ONCE UPON A TIME
Rather than our usual banter, this morning we like to steer our post in a different direction. We hope you enjoy the diversion.
My favorite words as a child were, Once upon a time, obviously the opening of many fairy tales. William’s similar memory was Sunday night’s opening music to the Wonderful World of Disney. He knew when he heard those words an adventure, a fantasy, or simply a series of magical moments would soon flash upon the reel of his imagination.
We have had the honor and privilege to read to children and I saw delineated on those young folks’ faces a reflection that reminded me of my youthful jubilance when I read those words, Once upon a time.
I used to carry several books around with me, imploring any reading-able body to read me a story. It didn't matter if they were young or old. It didn't matter if they had an accent or not. It didn't matter if they altered their voice for each character, although, that was indeed the preferred option. I used to say read me a story so often that it turned into a run-on chant. "Readmeastoryreadmeastoryreadmeastory...." There was nothing grander than being read to, a story where I could travel to a different land, where taste and textures were defined with whorls of words. One moment I was a baby rabbit, another a mouse with a hole-in-the-wall house, sometimes an audacious child. I especially liked rhythms, the playful beat and measure that tapped out a story, sometimes silly, sometimes funny, and sometimes very strange. Mattered not. It was the journey, that sweet, wonderful roller coaster of sounds that created dream bubbles that I could actually see in my mind’s eye.
I’ll share one of William’s first memories of reading aloud. I wrote this without first asking him. It is personal but as I later explained, apt.
William was a child with undiagnosed dyslexia and struggled early with reading and writing. Recalling that period, he has expressed the humiliation he felt not learning the same way others were, though he never felt sorry for that boy.
At an early age he knew he wanted to read and write and valued those tools. As an adult you can easily discern that his books are respected treasures and opening the world of storytelling is a passion. It was the Woodlawn Public Library located in Union Park Gardens just off the Bancroft Parkway that provided him what I call a breakthrough.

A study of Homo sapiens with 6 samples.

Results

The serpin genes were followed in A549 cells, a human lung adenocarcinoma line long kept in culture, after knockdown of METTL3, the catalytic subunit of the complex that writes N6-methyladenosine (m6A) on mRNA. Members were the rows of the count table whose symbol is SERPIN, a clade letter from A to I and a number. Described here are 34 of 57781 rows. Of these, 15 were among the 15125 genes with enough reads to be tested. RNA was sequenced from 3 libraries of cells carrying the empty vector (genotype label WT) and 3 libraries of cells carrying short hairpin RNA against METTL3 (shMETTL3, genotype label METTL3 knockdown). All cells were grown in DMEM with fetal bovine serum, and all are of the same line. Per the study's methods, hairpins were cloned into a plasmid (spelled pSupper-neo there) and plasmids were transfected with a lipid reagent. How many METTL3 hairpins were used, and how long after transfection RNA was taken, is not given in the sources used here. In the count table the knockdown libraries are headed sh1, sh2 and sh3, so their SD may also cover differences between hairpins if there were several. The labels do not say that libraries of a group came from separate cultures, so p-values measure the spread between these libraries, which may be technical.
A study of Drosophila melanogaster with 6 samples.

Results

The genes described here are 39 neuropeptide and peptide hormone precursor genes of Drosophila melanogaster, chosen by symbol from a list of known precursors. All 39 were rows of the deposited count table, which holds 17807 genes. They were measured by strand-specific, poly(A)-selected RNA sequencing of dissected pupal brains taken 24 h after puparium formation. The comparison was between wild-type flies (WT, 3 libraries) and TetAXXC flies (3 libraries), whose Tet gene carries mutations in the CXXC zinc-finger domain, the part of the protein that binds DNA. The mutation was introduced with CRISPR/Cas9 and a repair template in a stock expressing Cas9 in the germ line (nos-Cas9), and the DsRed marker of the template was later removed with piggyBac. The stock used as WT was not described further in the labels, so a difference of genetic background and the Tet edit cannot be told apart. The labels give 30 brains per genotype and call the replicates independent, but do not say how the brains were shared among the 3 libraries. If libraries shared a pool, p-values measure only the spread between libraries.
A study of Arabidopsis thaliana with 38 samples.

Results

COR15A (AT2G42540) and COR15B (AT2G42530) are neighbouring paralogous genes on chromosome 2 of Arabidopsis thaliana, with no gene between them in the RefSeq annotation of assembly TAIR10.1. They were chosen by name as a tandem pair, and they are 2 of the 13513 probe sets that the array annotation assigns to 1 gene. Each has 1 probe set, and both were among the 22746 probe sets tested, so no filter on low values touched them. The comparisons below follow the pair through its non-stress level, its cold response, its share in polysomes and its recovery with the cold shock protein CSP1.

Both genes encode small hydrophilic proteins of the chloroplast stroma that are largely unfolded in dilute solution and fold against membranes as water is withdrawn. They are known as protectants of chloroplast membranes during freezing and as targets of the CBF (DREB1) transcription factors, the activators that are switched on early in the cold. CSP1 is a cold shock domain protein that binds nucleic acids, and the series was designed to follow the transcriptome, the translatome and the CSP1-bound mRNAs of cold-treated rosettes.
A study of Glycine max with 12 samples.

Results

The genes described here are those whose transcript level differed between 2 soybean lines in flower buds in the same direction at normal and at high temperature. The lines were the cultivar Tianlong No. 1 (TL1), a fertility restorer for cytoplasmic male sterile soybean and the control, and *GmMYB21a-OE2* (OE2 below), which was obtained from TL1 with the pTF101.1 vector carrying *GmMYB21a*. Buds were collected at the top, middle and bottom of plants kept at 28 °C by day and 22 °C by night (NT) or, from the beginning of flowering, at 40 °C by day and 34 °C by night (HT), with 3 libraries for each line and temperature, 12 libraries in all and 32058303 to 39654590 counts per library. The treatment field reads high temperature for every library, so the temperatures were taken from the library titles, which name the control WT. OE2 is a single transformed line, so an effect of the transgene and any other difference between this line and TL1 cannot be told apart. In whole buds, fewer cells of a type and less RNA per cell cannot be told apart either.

Reading and writing was an endless series of embarrassment and humiliation where the stumbling over words, the constant juxtapositioning of words and letters, and the inability to sound out words were painful. Peers at a young age have not developed empathy or compassion and would tease.
The third floor of that library was his safe place and by some unexpected gift of divine foresight, close to his home. His mother worked and that circumstance made it the perfect after-school sanctuary.
He once recounted to me the old radiators were far too hot, occasionally whistled, and tinted the air with that odd metallic smell of water boiled in an iron pot. While there, he would grab any read-aloud style children’s book, books far beneath his age, and hide in a corner on that third floor and quietly read aloud to himself. Never minding if he stumbled over words or struggled with inflection, he just read; hour after hour. Over time the books chosen became more complex and he slowly fought to compensate for his handicap. It was in those secluded corners hidden amidst the radiator smells I believe William birthed a deep love for writing and reading. These books opened a new world, free of ridicule and filled with possibilities borne from the imagination of authors.
Today, he fights and works so hard with our work to make it his gift back. Today, we both stand upon the shoulders of word monsters and bend them to our will, hoping that our Once upon a time moments give as much pleasure and entertainment that books and stories have always given us.